ORDNANCE OFFICE, June 25, 1863.
SECRETARY OF WAR:
The Ordnance Bureau can readily furnish the knapsacks, haversacks,and canteens.
The residue of camp and garrison equipage pertains to the Quartermaster's Department.
QUARTERMASTER-GENERAL'S OFFICE, July 1, 1863.
Respectfully returned to the Secretary of War, with the information that Major Huston Lee, chief quartermaster at Charleston, S. C., has been instructed to supply the necessary camp and garrison equipage.
A. C. MYERS,
STATE OF SOUTH CAROLINA, EXECUTIVE DEPARTMENT,
Columbia, June 16, 1863.
Our vandal foe, unable to cope with the Confederate forces in the open field, have resorted to a mode of warfare which arouses the indignation of every heart capable of a patriotic emotion. Not content with wresting peaceful citizens form their homes and confining them in loathsome dungeons, and with seizing our contended slaves and inhumanly placing them in military organizations, to be shot down in the front of battle, they have inaugurated a system of raids into the interior o the States, stealing negroes, burning cities and farms, destroying live stock and growing crops, and spreading desolation everywhere in their track.
To meet this condition of things, and to render practicable greater concentration of our forces already in the field, and afford adequate internal protection to the States, the President of the confederacy deems it expedient to call for a portion of their reserve force for service within their respective limits. Upon the Governor of South Carolina he calls for 5,000 men, for the period of six months from the 1st day of August next, to be furnished by draft, unless in the intermediate time a volunteers force, organized under the act, herewith published,* to provide for local defense and special service, at least an equal number be mustered and reported to the War Department as subject to the call of the President for service within the State.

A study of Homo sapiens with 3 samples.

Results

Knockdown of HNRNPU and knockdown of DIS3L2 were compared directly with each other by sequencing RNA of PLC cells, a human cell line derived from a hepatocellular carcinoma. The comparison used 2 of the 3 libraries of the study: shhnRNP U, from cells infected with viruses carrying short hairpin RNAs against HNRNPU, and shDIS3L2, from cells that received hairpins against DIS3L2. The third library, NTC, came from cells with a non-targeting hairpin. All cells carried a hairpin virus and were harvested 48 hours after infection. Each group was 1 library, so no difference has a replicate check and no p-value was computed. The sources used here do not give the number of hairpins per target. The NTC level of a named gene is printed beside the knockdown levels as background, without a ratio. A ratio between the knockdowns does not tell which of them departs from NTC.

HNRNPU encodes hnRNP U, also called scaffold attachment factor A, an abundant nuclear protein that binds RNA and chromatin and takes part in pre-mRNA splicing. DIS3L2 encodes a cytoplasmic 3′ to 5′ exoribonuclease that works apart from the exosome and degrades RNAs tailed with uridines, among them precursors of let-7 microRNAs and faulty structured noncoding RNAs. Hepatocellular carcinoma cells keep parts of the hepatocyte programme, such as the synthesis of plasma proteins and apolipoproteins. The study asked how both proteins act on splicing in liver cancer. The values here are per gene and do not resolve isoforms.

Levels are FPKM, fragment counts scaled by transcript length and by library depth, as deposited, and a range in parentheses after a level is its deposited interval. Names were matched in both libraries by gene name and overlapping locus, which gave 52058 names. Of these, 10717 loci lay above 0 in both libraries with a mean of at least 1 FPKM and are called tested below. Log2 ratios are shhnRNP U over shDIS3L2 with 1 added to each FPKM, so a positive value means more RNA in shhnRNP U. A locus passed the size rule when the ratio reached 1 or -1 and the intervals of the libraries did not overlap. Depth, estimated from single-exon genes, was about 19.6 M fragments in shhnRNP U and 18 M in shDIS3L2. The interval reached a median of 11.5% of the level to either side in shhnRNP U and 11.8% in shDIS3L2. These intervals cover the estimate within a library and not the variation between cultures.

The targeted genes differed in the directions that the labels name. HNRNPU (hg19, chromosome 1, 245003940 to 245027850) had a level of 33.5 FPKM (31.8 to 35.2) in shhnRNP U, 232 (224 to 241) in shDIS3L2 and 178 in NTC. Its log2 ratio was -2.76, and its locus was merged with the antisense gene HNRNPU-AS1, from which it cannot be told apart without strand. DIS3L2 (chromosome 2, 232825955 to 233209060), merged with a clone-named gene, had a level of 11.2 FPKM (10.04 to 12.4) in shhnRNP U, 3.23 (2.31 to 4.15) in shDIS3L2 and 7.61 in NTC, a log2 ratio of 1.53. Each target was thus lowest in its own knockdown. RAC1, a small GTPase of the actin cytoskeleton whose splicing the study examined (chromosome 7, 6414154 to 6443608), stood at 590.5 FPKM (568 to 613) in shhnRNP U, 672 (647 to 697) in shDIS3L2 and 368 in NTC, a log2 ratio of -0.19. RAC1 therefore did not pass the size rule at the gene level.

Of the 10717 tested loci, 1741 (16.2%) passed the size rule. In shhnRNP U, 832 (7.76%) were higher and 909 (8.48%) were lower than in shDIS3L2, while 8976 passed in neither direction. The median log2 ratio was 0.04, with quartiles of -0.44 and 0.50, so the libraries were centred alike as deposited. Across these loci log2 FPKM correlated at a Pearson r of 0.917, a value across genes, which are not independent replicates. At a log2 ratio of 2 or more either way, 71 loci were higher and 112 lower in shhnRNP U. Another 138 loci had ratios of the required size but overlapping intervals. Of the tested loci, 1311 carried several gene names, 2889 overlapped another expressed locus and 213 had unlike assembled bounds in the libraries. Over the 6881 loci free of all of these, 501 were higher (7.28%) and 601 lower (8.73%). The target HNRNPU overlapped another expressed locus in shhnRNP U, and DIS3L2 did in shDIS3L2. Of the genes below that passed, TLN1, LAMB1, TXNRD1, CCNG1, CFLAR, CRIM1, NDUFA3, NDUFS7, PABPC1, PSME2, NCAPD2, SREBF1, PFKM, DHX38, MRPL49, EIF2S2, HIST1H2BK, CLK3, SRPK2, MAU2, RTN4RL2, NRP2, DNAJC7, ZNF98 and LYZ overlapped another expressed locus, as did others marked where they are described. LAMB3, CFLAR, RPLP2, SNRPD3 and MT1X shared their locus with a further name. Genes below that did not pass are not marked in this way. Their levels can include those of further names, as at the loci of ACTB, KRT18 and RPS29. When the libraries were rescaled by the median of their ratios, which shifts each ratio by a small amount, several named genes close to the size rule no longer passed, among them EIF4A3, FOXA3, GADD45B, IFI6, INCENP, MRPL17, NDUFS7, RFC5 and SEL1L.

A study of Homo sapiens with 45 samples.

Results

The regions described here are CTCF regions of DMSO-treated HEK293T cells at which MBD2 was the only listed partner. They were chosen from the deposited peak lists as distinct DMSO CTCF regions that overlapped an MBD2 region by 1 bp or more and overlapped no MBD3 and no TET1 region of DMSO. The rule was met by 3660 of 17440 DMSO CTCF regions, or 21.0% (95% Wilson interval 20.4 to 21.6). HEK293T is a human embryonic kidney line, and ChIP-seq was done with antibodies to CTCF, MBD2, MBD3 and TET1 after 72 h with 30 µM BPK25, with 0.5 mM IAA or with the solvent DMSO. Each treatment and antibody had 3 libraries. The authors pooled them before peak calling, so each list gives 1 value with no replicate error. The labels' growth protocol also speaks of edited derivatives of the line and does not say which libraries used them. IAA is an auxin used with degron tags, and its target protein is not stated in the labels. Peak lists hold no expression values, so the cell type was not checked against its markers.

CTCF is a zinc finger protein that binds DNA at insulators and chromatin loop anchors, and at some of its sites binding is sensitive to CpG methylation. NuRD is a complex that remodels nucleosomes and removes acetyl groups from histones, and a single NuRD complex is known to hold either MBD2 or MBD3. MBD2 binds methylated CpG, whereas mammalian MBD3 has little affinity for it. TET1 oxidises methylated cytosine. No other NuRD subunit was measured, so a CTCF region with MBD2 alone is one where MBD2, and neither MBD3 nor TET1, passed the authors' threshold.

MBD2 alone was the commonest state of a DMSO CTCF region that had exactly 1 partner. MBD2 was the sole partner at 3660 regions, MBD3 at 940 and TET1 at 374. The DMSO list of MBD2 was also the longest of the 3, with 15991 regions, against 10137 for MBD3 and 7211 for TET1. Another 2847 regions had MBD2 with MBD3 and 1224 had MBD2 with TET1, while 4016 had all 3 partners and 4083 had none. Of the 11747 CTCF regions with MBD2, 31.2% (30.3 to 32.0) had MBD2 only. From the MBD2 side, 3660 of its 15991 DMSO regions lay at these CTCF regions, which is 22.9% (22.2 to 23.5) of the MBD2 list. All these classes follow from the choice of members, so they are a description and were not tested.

These organizations may be voluntary, as will be seen by an examination of the act, and are for special service only within the State, under officers of their own selection, and with the privilege of remaining at home in the pursuit of their ordinary avocations, unless called for a temporary exigency to active duty.
Now, therefore, I, Milledge L. Bonham, governor and Commander-in-Chief in and over the State of South Carolina, call upon the people of the State to assemble, on the day fixed in the annexed orders,+ at their respective regimental parade grounds, and to raise and organize the forces called for by the President for the defense of the State.
For two long years your brothers have borne the brunt of this war
*See "An act to provide," &c., following.
+See General Orders, No. 20, following.